Tuesday, 23 November 2021

The Tories' heavily-criticised Health and Care Bill would undo reforms introduced by David Cameron in 2012 and somehow make things even worse. The bill is officially supposed to end the ridiculous idea of market competition in our NHS, which sounds like a good thing, but in reality, the market is going to be allowed into our NHS through the back door.

Let me explain:

The government wants to introduce 42 Integrated Care Partnerships which would invite charities and private health companies to work with local councils. They would take the place of over 100 Clinical Commissioning Groups which currently allocate NHS resources, and would decide which treatments local hospitals do or don't offer, based on what they feel is more cost effective, i.e., more profitable for share holders. It would also allow them to ration healthcare and charge for "secondary services".

This is obviously not prioritising patients' needs and would introduce a post code lottery where the treatment you receive is dependent on where you live. It would also enable private companies to prioritise patients who are willing and able to pay over those who can't - essentially creating a two-tier NHS. During a pandemic. It's almost like the government has learned the exact opposite lessons to what it was supposed to learn.

To make matters worse, the bill includes the removal of the tendering process so the Tories can just give out NHS contracts to their mates without any scrutiny. Now I don't want private contracts to exist at all, but if you are going to have them, you should, at the very least, have a proper vetting process. No reasonable person could disagree with this point, but, of course, the Tories are not reasonable people. 

"Integrated" appears to be the new word for cronyism...

Of course, many concerns could easily be alleviated through simple amendments to the bill, but the Tories actually blocked an amendment to prevent private healthcare representatives from sitting on NHS boards, because, of course, they did!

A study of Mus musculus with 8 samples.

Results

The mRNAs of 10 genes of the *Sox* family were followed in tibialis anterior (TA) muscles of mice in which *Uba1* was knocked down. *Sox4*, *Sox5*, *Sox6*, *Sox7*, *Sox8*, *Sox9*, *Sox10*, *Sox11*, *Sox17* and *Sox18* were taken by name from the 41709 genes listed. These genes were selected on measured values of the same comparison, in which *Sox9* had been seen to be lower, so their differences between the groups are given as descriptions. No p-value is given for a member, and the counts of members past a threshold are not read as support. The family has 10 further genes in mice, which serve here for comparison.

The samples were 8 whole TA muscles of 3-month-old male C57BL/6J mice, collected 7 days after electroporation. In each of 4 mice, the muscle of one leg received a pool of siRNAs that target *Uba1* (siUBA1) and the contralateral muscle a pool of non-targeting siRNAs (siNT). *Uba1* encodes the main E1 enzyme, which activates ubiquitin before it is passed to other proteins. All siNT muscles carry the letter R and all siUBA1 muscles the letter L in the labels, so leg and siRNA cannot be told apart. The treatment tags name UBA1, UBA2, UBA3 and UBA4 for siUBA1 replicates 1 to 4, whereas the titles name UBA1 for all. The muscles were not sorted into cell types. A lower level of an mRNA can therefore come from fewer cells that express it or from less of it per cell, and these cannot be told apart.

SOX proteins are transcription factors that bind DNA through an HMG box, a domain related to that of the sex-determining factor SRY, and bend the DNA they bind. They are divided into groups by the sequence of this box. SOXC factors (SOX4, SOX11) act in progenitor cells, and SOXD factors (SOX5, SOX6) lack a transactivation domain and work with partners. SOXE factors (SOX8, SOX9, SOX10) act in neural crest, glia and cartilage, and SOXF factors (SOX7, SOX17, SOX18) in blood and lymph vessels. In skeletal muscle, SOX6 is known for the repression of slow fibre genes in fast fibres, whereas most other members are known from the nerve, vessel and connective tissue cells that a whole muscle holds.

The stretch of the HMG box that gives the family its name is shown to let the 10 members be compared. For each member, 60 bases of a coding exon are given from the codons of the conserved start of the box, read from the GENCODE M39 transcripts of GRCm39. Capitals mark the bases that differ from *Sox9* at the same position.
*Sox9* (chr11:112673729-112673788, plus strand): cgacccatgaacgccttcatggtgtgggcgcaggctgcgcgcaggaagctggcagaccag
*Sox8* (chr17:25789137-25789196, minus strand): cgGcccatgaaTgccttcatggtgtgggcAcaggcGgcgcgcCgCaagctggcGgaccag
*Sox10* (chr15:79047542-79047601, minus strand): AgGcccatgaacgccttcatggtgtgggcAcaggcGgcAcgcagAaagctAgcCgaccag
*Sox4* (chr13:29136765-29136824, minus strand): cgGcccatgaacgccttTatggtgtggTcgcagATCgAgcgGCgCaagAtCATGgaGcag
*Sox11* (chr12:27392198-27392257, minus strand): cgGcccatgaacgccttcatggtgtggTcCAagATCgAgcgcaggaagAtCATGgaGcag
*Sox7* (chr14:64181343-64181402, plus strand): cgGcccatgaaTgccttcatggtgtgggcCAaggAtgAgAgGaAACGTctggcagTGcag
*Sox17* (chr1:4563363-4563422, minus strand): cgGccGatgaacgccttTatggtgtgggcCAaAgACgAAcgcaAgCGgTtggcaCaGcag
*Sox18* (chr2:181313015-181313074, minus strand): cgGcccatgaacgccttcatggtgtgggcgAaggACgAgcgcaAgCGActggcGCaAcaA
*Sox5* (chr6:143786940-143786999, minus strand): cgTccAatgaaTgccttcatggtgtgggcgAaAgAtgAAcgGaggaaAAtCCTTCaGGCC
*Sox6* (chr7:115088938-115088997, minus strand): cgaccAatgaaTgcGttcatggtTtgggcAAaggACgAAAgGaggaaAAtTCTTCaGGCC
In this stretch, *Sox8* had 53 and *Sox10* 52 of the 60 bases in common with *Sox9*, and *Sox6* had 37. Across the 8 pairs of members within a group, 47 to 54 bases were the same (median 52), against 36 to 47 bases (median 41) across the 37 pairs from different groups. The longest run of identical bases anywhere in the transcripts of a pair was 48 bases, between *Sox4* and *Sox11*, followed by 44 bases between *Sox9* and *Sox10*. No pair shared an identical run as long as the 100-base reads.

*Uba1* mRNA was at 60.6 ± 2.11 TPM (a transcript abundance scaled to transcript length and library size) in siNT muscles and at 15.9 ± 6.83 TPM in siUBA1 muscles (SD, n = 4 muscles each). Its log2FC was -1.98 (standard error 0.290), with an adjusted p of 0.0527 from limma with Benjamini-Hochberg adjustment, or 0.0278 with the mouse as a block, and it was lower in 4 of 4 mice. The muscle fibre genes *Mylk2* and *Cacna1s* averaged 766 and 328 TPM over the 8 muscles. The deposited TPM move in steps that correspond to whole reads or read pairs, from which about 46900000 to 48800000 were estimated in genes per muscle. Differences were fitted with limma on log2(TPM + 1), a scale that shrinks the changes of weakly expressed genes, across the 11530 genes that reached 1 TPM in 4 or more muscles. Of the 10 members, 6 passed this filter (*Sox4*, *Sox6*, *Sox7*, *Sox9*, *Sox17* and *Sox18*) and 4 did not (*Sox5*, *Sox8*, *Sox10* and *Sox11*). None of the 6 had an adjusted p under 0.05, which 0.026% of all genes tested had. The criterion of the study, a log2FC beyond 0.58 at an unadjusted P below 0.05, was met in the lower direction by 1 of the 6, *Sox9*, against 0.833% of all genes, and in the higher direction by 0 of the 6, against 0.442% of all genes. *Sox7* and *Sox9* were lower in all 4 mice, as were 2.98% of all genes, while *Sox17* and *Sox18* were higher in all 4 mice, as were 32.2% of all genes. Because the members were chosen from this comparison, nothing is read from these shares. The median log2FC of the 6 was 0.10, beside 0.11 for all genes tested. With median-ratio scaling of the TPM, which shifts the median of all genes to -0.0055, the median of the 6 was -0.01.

As many have pointed out, this is nothing more than a power grab by Sajid Javid, because the bill would give the health secretary direct control over many aspects of our health service. It would also give the health secretary the power to water down the requirement for staff to be properly trained and qualified, potentially putting public safety at risk. The bill offers nothing to ease the mammoth staffing crisis, other than corner cutting.

The Health and Care Bill boils down to backdoor NHS privatisation and a situation where poorer patients will inevitably be marginalised. It's just another step towards the dismantling of our nation's most prized institution. If this bill passes in the House of Lords, it's entirely plausible we won't even have an NHS in ten years' time.

And we haven't even mentioned social care yet. 

Government proposals mean those with assets between £20,000 and £100,000 will have to pay for their social care. This means working class home owners will be forced to sell their homes and therefore unable to leave their one asset to their children who have been frozen out of the housing market. I can't help thinking Jeremy Corbyn's National Care Service, which involved not stealing houses, might have been a better idea.

When you really think about it, it's truly absurd that social care isn't provided universally under the NHS, and the same goes for dentistry and eye care. Who actually decided these things don't count as healthcare?